Latin: Pectus = Breast
Origin: Clavicular head - Medial 1/3 of the clavicle, Sternal Head - Sternum, Costal head - 2nd -6th or 7th ribs, abdominal fibers - superficial aponeurosis of the external oblique and rectus abdominis
Insertion: Crest of the greater tubercle of the humerus (lateral lip of the bicipital groove
- all fibers - adduct, medially rotate and horizontal adduction of the humerus, protraction of the scapula
- upper fibers - flex the humerus
- lower fibers - depress the shoulder girdle, and extend the arm from a flexed position
- Innervation: innervated by the medial and lateral pectoral nerves, spinal nerves C5 - C7 supply the lateral nerve and C8 - T1 supply the medial nerve.
Much of society suffers from the stress that modern day work, places on them. Many hour spent in a car during a long commute added upon time spent in front of a computer and then again commuting back home again. This can lead to a posture that is detrimental to the thoracic spine, neck, shoulders and arms. Pectoralis major can become a major player in a slumped forward shoulder posture that can lead to poor body mechanics and gait patterns which will lead to a stiff thoracic/cervical spine and shoulder dysfunction. Complaints can often be of pain or stress in the upper back between the shoulder blades, back of the neck, difficulty in breathing and chest pain that can mimic heart problems. Trigger points can refer into the 1st through 3rd finger, the anterior shoulder and create a depressed protracted shoulder along with internal rotation of the humerus.
Pectoralis major usually does not entrap nerves, but the subclavius, which depresses the clavicle can entrap the brachial plexus causing numbness or thoracic outlet syndrome. This also makes the release of pectoralis major and subclavius important when addressing cervical neck/cranial issues because of the attachment of the sternocleidomastoid on the clavicle. If tension remains on the clavicle from pectoralis major and subclavius then getting SCM to release will have limited results. One important thought to remember is that the shoulders can affect the neck and visa-versa the neck can affect the shoulders. So addressing the shoulders and the cervical spine as a functional unit is a good rule of thumb when working with shoulder our cervical/cranial issues.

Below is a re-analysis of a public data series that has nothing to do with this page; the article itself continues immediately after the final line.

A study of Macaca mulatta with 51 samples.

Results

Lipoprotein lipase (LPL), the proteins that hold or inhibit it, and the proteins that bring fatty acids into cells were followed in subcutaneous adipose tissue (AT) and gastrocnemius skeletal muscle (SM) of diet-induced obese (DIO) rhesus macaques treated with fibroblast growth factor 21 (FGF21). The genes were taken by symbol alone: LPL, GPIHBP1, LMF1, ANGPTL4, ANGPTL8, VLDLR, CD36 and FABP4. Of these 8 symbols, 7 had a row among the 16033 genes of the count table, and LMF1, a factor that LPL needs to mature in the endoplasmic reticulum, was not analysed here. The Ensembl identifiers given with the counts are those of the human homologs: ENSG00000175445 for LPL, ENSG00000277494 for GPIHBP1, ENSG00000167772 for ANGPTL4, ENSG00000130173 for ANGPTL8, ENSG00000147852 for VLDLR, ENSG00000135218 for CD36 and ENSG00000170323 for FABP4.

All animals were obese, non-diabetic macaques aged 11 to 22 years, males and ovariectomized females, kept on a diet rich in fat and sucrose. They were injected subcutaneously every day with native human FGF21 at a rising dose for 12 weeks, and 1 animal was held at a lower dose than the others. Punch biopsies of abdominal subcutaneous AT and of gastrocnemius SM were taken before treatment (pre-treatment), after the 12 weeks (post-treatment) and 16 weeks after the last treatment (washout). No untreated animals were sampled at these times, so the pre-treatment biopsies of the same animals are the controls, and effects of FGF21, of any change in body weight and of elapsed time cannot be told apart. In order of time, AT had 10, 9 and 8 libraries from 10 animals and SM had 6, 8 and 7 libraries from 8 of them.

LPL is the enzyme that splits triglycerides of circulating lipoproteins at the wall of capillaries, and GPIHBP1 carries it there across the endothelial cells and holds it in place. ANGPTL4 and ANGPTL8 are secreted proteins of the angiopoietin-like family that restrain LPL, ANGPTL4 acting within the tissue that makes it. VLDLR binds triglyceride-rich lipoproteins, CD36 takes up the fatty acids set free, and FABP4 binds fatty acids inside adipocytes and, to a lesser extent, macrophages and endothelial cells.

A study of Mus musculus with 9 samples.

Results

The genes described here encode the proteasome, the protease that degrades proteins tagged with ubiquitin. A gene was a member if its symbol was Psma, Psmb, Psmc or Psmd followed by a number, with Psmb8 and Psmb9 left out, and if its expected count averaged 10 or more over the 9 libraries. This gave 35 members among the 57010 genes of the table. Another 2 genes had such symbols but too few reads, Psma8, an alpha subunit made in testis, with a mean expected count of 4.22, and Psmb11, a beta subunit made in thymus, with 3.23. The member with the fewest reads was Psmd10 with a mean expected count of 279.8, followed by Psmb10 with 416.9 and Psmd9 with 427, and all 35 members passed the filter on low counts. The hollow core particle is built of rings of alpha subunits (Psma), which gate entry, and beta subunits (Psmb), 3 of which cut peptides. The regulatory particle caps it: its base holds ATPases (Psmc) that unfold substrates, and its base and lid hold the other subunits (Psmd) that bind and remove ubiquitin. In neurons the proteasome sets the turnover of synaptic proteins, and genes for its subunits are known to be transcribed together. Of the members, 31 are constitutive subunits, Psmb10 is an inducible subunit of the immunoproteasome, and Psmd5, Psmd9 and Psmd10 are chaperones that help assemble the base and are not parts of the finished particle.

The lymph vessels that supply the tissue in the pectoral area can sometime become blocked by muscular tightness and restrict lymph drainage from the area. Loosening pectoralis major can help with poor lymphatic drainage in the area and decrease edema.
It is important to understand that pectoralis major has three heads that can pull the humerus into different positions. The clavicular head can depress the clavicle. The sternal, clavicular, and costal heads will internally rotate the humerus. The costal head (lower fibers) will also pull the shoulder into a depressed position and protract the shoulder. When these muscles work together they can create a powerful force and lock a person into internal rotation and depressed shoulders.
Other muscles that should be examined are latissimus dorsi, teres major, anterior deltoid, subscapularis, pectoralis minor and serratus anterior. These muscles are synergistic in many of the actions of pectoralis major and assist in the forward depressed shoulder position. Also, whenever a depressed shoulder is present checking the rectus abdominus on the ipsilateral side is a good idea because of it fascial connection to pectoralis major. If a rotation in the torso is present, an anterior shoulder and anterior contralateral hip, checking the external oblique and internal oblique is helpful in addressing a rotation.
When working with any condition it is important to check downstream and upstream from the area of the symptom. If only the area of concern is addressed the result will be limited. Have fun working Pectoralis Major and all of it's accomplice!
Let me know your thoughts, ideas, concerns or complaints. I hope that this can be a useful resource and I encourage positive response and any corrections if you see the need for any. Thanks for reading!